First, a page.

Spiders Alive! at the American Museum of Natural History in New York City

by Gina Martin on August 1, 2012

in Arts and Culture

Spiders seem to inspire reactions that are extreme – you either love them, or loathe them. I find myself on the “love” end of the spectrum, with most family and friends on the “loathe” end. So, when the American Museum of Natural History in New York opened their new exhibit, Spiders Alive! I was giddy to make the trip to see it in previews, even if I had to go by myself.

Museum Entrance photo by American Museum of Natural History

Spiders Alive! Reflects World Class Scientific Research

Spiders are an important species in our ecosystem – they prey on insects, and help keep their populations in check. The American Museum of Natural History houses the largest collection of spider species in the world, as well as hosting the World Spider Catalog, an online reference with data on all known species of spider. Among scientists worldwide, Spiders Alive! curator Dr. Norman Platnick is the go-to scientist for All Things Arachnid. Dr. Platnick studies spiders in the field and in the lab, and told preview audiences that of the 43,000 species that are known, it is expected that there are at least that many still out there, yet to be discovered by humans. Of those, many are too small or too secretive to be seen, and they are found on every continent except Antarctica. Habitat loss is killing thousands of spiders per year, so there are species that exist now that may be snuffed out before we have the chance to find them, dealing a severe blow to biodiversity and environmental health.

Spiders Alive! has a mix of live specimens, and preserved ones, along with great photos and giant models of various spiders – one model is even set up for kids to climb on. It’s about the size of a pony, and makes a great photo op.

Climbable Spider photo by American Museum of Natural History

Other members of the class Arachnid are represented as well, with a Desert Hairy Scorpion and Tailless Whip Scorpion (which isn’t a scorpion, but does have an impressive whip) in their own little habitats for viewing. The whole exhibit has interactive areas in addition to the mini-habitats, that feature touch screens that give more info on specific spiders. There are also videos addressing the conservation angle, and how important these little creatures are to us, and on their behavior.

Educators have a station set up where you can see a live tarantula, as well as get a better look at ‘shed’ from the Goliath Bird Eater Spider (the outer shells that spiders discard when they grow out of them, like lobsters), a super sized fuzzy spider that literally does eat birds, along with snakes and other small animals when it can catch them.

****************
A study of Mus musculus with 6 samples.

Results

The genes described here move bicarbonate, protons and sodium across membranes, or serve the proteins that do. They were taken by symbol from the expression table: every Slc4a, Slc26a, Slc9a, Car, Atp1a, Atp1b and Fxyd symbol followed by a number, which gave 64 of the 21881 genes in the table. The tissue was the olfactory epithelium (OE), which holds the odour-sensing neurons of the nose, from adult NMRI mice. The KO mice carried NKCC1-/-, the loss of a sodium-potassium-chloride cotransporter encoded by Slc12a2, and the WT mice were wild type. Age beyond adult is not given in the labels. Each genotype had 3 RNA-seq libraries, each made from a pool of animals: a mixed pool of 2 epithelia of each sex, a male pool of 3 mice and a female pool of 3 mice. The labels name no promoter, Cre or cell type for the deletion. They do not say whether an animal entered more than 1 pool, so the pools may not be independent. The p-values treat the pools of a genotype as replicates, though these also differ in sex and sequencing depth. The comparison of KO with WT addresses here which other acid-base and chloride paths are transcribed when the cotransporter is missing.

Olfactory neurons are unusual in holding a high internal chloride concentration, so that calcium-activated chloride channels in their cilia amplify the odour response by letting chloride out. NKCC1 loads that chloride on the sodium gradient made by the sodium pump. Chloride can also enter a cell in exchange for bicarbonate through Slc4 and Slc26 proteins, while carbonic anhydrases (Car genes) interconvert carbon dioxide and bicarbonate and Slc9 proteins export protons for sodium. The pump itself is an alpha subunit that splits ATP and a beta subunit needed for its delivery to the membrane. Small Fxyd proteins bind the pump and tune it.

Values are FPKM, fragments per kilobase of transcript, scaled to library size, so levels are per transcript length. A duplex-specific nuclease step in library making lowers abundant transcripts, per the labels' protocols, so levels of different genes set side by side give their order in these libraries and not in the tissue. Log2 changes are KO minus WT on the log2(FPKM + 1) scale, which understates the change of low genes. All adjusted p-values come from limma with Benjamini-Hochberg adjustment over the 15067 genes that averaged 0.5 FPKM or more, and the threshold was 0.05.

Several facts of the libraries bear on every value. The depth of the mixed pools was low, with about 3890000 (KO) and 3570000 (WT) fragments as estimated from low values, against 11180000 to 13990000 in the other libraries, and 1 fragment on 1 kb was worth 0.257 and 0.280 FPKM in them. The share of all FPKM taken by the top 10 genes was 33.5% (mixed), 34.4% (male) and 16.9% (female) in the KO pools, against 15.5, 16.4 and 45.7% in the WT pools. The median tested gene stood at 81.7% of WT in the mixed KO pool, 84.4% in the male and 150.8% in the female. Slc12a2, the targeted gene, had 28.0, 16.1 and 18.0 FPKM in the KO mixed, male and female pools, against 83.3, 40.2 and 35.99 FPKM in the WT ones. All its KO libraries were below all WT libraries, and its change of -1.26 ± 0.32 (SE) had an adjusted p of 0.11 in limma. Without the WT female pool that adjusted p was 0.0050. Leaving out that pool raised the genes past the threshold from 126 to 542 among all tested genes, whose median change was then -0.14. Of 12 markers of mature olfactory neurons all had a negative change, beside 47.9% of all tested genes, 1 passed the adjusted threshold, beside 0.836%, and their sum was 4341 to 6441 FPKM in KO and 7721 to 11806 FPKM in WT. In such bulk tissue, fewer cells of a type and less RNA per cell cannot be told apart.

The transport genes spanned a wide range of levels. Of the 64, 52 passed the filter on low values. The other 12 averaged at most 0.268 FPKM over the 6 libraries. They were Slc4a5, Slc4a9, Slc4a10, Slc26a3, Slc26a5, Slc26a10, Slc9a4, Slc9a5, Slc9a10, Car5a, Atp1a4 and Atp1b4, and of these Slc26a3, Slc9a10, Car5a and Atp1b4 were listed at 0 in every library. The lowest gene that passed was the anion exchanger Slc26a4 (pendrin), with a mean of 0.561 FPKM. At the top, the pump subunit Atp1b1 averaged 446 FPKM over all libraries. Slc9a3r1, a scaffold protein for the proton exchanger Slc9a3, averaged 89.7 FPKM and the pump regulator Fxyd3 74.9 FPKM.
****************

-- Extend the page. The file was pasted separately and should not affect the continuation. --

Spiders Alive Presentation Area

Spiders Alive Presentation area cart photo by American Museum of Natural History

There is a live specimen of the Goliath for you to check out as well, in her own little environment. She’s adorably fuzzy, and I embarrassed myself a couple of times “squeeee-ing” and talking baby talk. One guy heard me talking to her, and asked if I was doing an interview. Hmph.

Goliath Bird Eater Spider says HELLO photo by AMNH.jpg

Spider Myths Debunked

Common misperceptions of spiders as being virulently venomous are incorrect. Of the 43,000 known species, only a few have venom strong enough to cause a reaction in humans, and most of those reactions are not deadly. In addition, most spiders are so tiny their jaws can’t break human skin, let alone inject anything into it. Nevertheless, misconceptions like this still abound:

The educators on site are enthusiastic about their subject. Kids and adults alike will learn a lot from Spiders Alive!, and maybe those that aren’t keen on spiders to begin with will leave with an appreciation of how fascinating and important these little creatures are to our planet’s health, and with greater respect for the first-rate research that is done by American Museum of Natural History scientists.

Go See It!

Spiders Alive! at The American Museum of Natural History
On view through December 2, 2012
Separate timed tickets needed, see website above for details
79th Street & Central Park West
New York, NY
212-313-7278

Thank you to the American Museum of Natural History for inviting me to the press preview, and for providing the pictures used here.